I recently met an older gentleman with a triple axle 34. I let him know about a defect in the sidewall of one of his existing 15" tires. He is of course immediately interested in new tires, but not going 16, and not keeping with ST tires.
Has anyone used the Mich MS2 Tire on a tri axle? A quick read shows only a 1900 pound rating!
An equivalent e load range st tire carries nearly double the load. I have intentionally avoided the tire threads, now I need some advice!

The last year the wide body 34' Classics were officially made (2011) they had a GVW of 11,500 pounds with a factory tongue weight (which is a notoriously low number) of 710 pounds. The literature empty weight was around 8,126 pounds.

Unless one loads the trailer up with old engine blocks, it would hard to imagine more than 2,000 pounds of "stuff" inside. Thus the axle supporting load would increase from (8,126 - 710) to 7,416 pounds to perhaps 9,400 pounds. That load is within reason for the six 15" Michelins.

The older narrow body units were lighter and had a lower GVW.

I'm a big fan of Michelins. I run them on all three of my other vehicles and could not be more pleased. But on my trailer, I like to have lots of weight carrying headroom. These tires carry more weight and are rated for a higher temperature than the Michelins.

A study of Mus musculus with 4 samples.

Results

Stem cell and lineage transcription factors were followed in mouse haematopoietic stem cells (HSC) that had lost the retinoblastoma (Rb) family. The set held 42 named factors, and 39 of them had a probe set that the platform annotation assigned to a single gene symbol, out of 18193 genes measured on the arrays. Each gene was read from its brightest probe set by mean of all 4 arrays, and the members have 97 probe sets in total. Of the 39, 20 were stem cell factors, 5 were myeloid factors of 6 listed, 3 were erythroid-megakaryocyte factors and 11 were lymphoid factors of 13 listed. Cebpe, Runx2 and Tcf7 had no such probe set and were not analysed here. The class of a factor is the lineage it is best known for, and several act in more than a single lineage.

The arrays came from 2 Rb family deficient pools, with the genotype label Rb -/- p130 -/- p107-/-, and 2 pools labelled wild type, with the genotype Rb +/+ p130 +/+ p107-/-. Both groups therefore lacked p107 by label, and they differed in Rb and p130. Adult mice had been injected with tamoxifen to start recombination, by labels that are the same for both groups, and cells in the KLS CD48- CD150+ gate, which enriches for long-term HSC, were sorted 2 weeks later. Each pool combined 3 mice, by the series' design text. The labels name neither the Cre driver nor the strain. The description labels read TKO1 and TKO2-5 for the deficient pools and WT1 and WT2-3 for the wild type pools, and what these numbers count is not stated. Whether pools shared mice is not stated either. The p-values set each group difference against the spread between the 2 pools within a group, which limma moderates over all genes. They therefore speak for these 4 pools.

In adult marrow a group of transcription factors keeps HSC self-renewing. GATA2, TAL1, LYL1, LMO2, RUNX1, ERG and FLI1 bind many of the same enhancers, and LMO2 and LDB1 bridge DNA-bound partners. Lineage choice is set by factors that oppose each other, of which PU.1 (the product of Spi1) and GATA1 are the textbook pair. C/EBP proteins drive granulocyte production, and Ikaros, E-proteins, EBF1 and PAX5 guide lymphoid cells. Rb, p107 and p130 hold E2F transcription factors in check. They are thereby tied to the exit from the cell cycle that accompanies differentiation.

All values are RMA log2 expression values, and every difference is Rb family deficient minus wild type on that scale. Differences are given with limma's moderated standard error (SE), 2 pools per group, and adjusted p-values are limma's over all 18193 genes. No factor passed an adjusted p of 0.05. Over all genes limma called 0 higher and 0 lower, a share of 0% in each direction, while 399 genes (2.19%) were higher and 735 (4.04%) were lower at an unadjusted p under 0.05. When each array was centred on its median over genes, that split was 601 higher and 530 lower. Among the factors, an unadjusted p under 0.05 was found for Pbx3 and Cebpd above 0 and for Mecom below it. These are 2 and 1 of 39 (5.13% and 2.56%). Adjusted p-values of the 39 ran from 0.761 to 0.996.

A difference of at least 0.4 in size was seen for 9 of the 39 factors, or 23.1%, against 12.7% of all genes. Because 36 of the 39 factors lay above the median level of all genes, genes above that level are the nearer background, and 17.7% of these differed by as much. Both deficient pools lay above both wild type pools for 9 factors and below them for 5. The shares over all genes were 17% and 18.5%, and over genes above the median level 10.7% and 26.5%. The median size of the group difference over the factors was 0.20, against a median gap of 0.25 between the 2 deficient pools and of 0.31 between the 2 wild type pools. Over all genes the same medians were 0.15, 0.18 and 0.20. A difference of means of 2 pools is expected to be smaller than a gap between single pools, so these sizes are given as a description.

I have Tire Minders on all my TV and trailer tires so I can monitor pressure and temperature on all 10 tires in real time. The Commodores never get warmer than the TV tires and do not suffer from any excessive pressure fluctuations. I run them at 65psi and never more than 65mph.

After 2 years and 12,000 miles, I could not be more pleased.
Why is this such a miserable task for us?
Why is this such a miserable task for us?
Unbiased, expert, science-based information on tires is nearly impossible to find. On the other hand, anyone can spew opinions that obscure what little solid data does exist.

Trailer tires are specialty tires produced in limited quantities and are not treated as seriously as other tires by dealers and manufacturers.

95% of the trailer tire market is extremely cost sensitive and unconcerned about quality. Most of these tires are used in non-critical, short distance, low speed applications. The market for high quality trailer tires is very small, some horse trailers, a few RVs, a few boats that are trailered frequently.
Andy at CanAm typically installs the Michelin LTX (P) 235/75R15 XL tires with a derated for trailer use load capacity of 1,985 pounds per tire. That means six of these will support 11,910 pounds.

The last year the wide body 34' Classics were officially made (2011) they had a GVW of 11,500 pounds with a factory tongue weight (which is a notoriously low number) of 710 pounds. The literature empty weight was around 8,126 pounds.

Unless one loads the trailer up with old engine blocks, it would hard to imagine more than 2,000 pounds of "stuff" inside. Thus the axle supporting load would increase from (8,126 - 710) to 7,416 pounds to perhaps 9,400 pounds. That load is within reason for the six 15" Michelins.

The older narrow body units were lighter and had a lower GVW.
Would new engine blocks weigh less? Old ones are soooo dirty!